Can You Be Fired For Hiding A Pregnancy? Expectant Moms Have Workplace Protections
Republican presidential candidate Donald Trump thinks pregnancy is "wonderful" — unless you're a boss whose whose employee is about to pop out a baby. The real estate mogul is facing criticism for his 2004 assertion that pregnancy is "an inconvenience for a business," a position that, coming from a businessman, can limit women's autonomy and mobility at work, and even drive them to conceal the fact that they're expecting for fear of repercussions. Years ago, one Trump employee did just that to avoid professional fallout — even though that type of discrimination in illegal under federal law. A woman would definitely have the ammunition for a lawsuit if she were let go from her position for being pregnant, but can you be fired for hiding a pregnancy?
Appearing on NBC's Dateline a dozen years ago, Trump made his position on pregnant working women clear. "Well, you know, pregnancy is never ... it's a wonderful thing for the woman, it's a wonderful thing for the husband, it's certainly an inconvenience for a business," he said. "And whether people want to say that or not, the fact is it is an inconvenience for a person that is running a business."
And, in business, when something is perceived as an inconvenience or setback, it's usually eliminated. To protect people from falling victim to this attitude, the Pregnancy Discrimination Act of 1978 made it illegal to treat pregnant women as disposable or otherwise less-than-valuable at their jobs, as long as the company employs at least 15 people.
According to CNN, this law stipulates that a woman cannot be fired because she's pregnant, even if the employers claims to be concerned about her safety. They can't refuse to hire a pregnant woman because she is pregnant. It's also a major legal no-no to force a pregnant woman — one who's still capable of doing the job she was hired to do — to take time off or change jobs.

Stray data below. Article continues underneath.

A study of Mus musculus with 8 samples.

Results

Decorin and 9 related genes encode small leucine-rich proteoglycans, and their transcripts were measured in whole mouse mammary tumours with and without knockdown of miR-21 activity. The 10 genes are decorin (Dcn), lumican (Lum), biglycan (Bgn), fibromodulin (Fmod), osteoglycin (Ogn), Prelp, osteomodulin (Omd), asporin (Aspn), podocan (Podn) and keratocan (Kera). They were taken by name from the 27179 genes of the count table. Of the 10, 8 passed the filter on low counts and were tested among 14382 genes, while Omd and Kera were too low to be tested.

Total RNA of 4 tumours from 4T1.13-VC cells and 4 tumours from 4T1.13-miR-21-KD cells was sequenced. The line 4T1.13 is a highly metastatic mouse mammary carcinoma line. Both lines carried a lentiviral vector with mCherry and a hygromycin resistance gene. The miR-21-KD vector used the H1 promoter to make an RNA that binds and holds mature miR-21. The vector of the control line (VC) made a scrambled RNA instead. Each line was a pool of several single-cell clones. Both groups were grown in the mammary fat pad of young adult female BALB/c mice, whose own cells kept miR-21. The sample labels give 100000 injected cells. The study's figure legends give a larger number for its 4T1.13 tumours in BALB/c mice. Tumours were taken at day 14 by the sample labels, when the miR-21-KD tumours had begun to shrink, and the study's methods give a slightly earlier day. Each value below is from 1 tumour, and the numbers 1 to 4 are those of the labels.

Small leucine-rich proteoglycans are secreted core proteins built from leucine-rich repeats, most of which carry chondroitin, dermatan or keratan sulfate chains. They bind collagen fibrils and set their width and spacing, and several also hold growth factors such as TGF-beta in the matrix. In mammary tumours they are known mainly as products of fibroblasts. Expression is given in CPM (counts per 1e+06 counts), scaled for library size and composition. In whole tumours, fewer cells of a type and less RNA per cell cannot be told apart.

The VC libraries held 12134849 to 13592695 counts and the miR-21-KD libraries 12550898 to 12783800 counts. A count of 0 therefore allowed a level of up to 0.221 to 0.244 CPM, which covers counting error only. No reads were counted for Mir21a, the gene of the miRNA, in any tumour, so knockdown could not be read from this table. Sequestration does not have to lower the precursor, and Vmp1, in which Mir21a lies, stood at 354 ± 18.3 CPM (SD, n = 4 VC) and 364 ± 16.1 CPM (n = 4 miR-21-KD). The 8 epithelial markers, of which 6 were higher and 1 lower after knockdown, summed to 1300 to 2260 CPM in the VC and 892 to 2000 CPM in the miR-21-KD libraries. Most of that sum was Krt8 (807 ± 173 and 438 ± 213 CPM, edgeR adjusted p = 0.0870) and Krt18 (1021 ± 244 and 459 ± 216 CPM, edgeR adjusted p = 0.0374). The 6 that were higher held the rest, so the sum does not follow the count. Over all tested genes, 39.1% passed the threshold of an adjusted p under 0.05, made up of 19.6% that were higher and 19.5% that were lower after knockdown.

Still, then-Trump Golf Properties Executive Vice President Carolyn Kepcher said on Dateline in 2004 that she decided not to tell her boss, Donald Trump, that she was pregnant until she was six months along. "Maybe in my mind he might think this would perhaps be a setback or 'maybe I'm going to have to bring somebody in to replace her throughout her pregnancy or when she takes maternity leave,'" she said at the time. "If I tell him at six months, it will be over in three months."
Legally, though, Trump could not have attempted to take any adverse action against Kepcher. But that doesn't make determining when to inform a boss about a pregnancy any less treacherous. Although they can't legally fire pregnant women who are upfront about their conditions, the situation becomes much more complicated if the boss finds out about the pregnancy through office gossip, for example, rather than from the employee herself.
According to New York Magazine, if a boss finds out about a pregnancy through these "unofficial channels" — a coworker who tells a coworker who tells a coworker in charge — he or she can fire the worker, likely without legal repercussions. That's because if would be incredibly difficult to prove pregnancy discrimination if the boss was never formally told about the pregnancy. And that negates the good work PDA set out to do.
So, if Trump had caught a whiff of Kepcher's secret pregnancy, he could have fired her scot-free. What he could not have done is fire her once she did tell him, even though she waited until she was nearly ready to give birth to do so.
Whatever the case, it's probably safe for women to just be upfront about their pregnancies right away — legally, they'll at least be somewhat protected.